Relationships, including the one we have with ourselves, can be viewed as a lifelong and sometimes, an arduous journey. At the outset, most everything seems fun and exciting, including challenges. Early on we are intent on showing the most positive aspects of ourselves to others. If our newfound love is experiencing difficulty, we tend to offer cheerleading, support and encouragement as a way to help. Through these actions, we let the others know that we will be there through struggle and that we believe in his or her capacity to successfully navigate the issue. Sadly, as the journey continues, our focus tends to shift. Support and encouragement somehow are permutated into advice-giving, blame, and even downright negativity. Forgotten is the simple sense of excitement that characterized even the most difficult challenges in the early stages of the journey and lost are the encouraging words and deeds that helped us and our partner to successfully navigate the journey together.
What Encouragement Means
As defined in Mirriam-Webster’s Dictionary (2011), “To encourage is to inspire with courage, spirit or hope.”
How long has it been since you spoke encouraging words to yourself? To your child? To your mate? Do you remember the last time you offered words of encouragement, not advice, to another? Encouragement differs from advice in that it tends to draw others closer to us, while advice tends to push others away from us. Think about your own life and issues – do you really want someone telling you what to think and do? Most people, including your children, will tell you that even when their problems seem insurmountable, what they really want is not someone to solve their problem, but someone to believe in them.
Consider for a moment the experience of being the parent of a small child who is learning to walk. How do caregivers show the toddler that the challenge of learning to walk is do-able? Does that caregiver walk for the child? Does that caregiver offer harsh criticism and blame each time the child falls down? I would hope not. What most caregivers instinctively do is encourage the child to press on, even with the inevitable falls and setbacks. The caregiver will most often encourage the child with words and actions. Statements like “I know you can do it!” combined with a smiling face and clapping hands encourage the toddler to get back up and to try again, and again, and again. What do you most need when you are faced with challenge?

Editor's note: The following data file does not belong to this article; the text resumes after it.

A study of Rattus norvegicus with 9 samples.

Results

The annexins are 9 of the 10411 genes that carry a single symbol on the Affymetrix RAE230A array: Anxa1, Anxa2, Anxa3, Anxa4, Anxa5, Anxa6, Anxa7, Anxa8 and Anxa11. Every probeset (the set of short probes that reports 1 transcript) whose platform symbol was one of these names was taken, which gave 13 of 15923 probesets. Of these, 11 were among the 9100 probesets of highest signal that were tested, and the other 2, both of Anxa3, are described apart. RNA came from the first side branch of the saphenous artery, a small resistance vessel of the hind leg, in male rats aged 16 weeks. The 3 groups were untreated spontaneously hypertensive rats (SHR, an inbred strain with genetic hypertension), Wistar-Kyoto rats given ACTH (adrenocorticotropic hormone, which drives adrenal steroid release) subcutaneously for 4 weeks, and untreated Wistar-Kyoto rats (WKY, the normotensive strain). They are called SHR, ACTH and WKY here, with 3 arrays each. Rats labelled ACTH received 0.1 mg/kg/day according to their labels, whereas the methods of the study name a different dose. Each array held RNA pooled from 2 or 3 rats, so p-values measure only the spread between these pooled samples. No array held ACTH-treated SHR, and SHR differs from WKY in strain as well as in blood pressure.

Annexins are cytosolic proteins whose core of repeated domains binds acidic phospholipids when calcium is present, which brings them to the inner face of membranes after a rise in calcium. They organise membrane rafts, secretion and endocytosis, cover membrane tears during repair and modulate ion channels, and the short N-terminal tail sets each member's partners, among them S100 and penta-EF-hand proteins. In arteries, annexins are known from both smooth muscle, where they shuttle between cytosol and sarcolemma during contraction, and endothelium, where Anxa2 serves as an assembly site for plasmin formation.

I’m sure many of you are thinking that it can’t possibly be this easy to overcome relationship issues by simply encouraging oneself and others. Perhaps you are thinking that all the problems you are facing in your life and relationships cannot be overcome by simple words of encouragement. Numerous research studies consistently point to the myriad of ways that supportive and encouraging relationships can increase positive outcomes—from heart attack to cancer to depression and anxiety—positive words and thoughts can impact recovery. While not a cure, encouragement and support can make a difference in how well a person is able to navigate difficult life circumstances.
Certainly if you are experiencing domestic violence or debilitating illness I will encourage you to seek additional professional help immediately. I will also encourage you to try the homework below no matter what your circumstance is.
You are correct in your assumption that simple words of encouragement will not “fix” your relationship issues; however, I would like to ask you to consider the massive amount of money spent on self-help books and advice television. Consider whether your current strategies for navigating relationship difficulties are helpful to you and to those in your life. Furthermore, I’d like you to consider the last time you actually implemented all those complex pieces of advice and words of wisdom.
How Do I Begin?
Below is your encouragement homework assignment. Do it daily. Begin to search for positive results in 5 – 7 days.
For the next 30 days I would like for you to implement one encouraging statement to yourself, one to someone else, and one to your child. Undertake this exercise with all the zest and fervor that you put into those early days of your relationship journey. I would also encourage you to simply make the encouraging statement and to refrain from advice-giving or blame after you make the statement. Remember, it’s only for 30 days! Mark it on your calendar daily just like any other important event.
In case you’ve forgotten what an encouraging statement looks like, here are a few examples to get you started.
“I believe in you.”
“We will get through this together.”
“You will make it.”
“We will make it.”
“We can do this.”
I often tell people that true change is in the doing of the thing, not in the thinking or feeling of the thing. I believe in you! You can do this. You will succeed. Feel free to contact me send me and let me know how you are doing with your homework! Happy encouraging!